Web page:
There has been a lot of discussion about the home run Russell Branyan hit into the 4th deck in right field at Yankee Stadium on Aug. 21, 2010. He is the first player to have reached this deck during a major league game, and in the wake of this notable achievement, many people quite naturally speculated as to how far Branyan’s ball would have gone if it been permitted to make it all the way back to field level (this is the most widely accepted definition of a home run’s distance).


The Hit Tracker method of home run distance measurement involves an observation of the ball near the end of its flight path (typically the landing location), weather and altitude data, and a measurement of the time of flight. These values are fed into an aerodynamic model that progressively searches through a series of aerodynamically valid flight paths until it finds the one that matches the observation data. It then projects the continuation of this flight path all the way back down to field level, and determines the home run distance.


In the case of the Branyan homer, the ball was observed to land at a point 380 feet horizontally from home plate, 75 feet above field level, after a flight time of 4.69 seconds. The weather was a warm 83 degrees, with a mere breath of wind, 3 mph, blowing in from right-center field. The altitude of Yankee Stadium is approximately 55 feet above sea level. When these values are fed into Hit Tracker, it determined the trajectory as shown in the following diagram. The red dots indicate the ball’s position every 1 second, while the green dot is the landing point; the trajectory path after the green dot is its hypothetical continuation down to field level.



The following screen capture from the Hit Tracker tool illustrates just how close to home plate the front-left corner of the 4th deck really is. The diagram shown was created using actual blueprints from the new Yankee Stadium, acquired by me.



The light green lines in right field are the 2nd deck, and the yellow lines are the 3rd and 4th decks, with heights above field level indicated. The concentric circular arcs show the distance to home plate in 50 foot increments. You can check these distances by recalling that the RF pole is 314 feet from home plate, and the LF pole 318 feet, while center field is a bit over 400 feet.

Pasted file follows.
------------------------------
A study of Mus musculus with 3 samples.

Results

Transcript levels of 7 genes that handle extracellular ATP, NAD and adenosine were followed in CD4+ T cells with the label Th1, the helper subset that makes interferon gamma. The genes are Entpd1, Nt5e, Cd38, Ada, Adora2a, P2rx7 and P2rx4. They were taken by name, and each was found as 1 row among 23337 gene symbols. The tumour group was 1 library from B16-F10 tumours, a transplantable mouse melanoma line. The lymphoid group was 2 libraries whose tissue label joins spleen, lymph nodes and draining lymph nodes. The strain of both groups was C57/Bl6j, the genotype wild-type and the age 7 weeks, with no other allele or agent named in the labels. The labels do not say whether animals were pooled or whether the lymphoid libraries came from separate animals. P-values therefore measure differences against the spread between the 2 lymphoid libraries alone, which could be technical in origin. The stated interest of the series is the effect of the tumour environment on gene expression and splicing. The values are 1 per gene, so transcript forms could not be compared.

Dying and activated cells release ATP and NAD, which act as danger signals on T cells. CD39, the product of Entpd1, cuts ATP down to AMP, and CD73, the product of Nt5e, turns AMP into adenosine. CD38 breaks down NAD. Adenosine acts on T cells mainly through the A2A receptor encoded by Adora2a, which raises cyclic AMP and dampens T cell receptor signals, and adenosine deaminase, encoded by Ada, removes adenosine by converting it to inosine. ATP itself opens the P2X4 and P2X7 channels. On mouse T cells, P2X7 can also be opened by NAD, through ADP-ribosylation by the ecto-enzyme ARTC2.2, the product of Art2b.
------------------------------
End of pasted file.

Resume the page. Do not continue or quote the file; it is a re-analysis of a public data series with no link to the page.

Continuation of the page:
So why did this home run seem like it went farther? First of all, any “first” accomplishment is likely to seem magnified: after all, if no one has done something yet, that something must be difficult, unusual and extreme, right? However, it is worthwhile to recall that at the time of the Branyan homer, there had only been 143 regular season games, plus a handful of playoff games, in the history of the still-new ballpark. Contrast this with Fenway Park, which has hosted more than 7,500 regular season games and numerous playoff games. I expect that home runs to the 4th deck in right field at Yankee Stadium will be infrequent, but not truly rare.


Second, nearly all home runs that impact something high in the air (an upper deck, a foul pole, a catwalk) seem longer than they are, because of the way air resistance shapes the flight path of a long fly ball. The flight path of a ball is quite asymmetrical, rocketing off the bat at high speed and a relatively low angle, but slowing down by 50% or more during flight and ultimately descending at a much more steep angle (don’t believe me? ask yourself, would you rather catch a Branyan home run just as it leaves his bat, or as it gently settles into your bare hands in the upper deck?) All of this is due to air resistance, which takes what would be a parabolic flight path in a vacuum, and “flattens” it towards home plate, as can be seen in the first diagram above. Thus when a ball hits something high in the air, we see primarily the high-speed, flat-angle part of the flight path, and we don’t see as much of the dying, fluttering ending. For this reason, we attribute much longer distance estimates to balls that land high up than we do those that make it all the way back down to the field.


Finally, I think many people expected a larger number for the distance on this homer because they know Russell Branyan is an immensely powerful slugger, and they know he can hit the ball farther than 440 feet. I can personally attest to this; once, after taping a segment with Channel 4 in San Diego on the field at PETCO Park in June, 2007, I got the opportunity to meet Russell Branyan, and inform him that one of his recent home runs there, a blast to deep right center field in the vicinity of the palm trees, had traveled 461 feet. Funny, at the time, he didn’t seem as happy with that number as I thought he’d be…


I guess I have some work to do to accomplish what I’ve set out to do: help people understand how far home runs really go, without exaggeration or hyperbole. When I’ve succeeded, instead of being disappointed, people will be mightily impressed when they hear that a home run went 440 feet.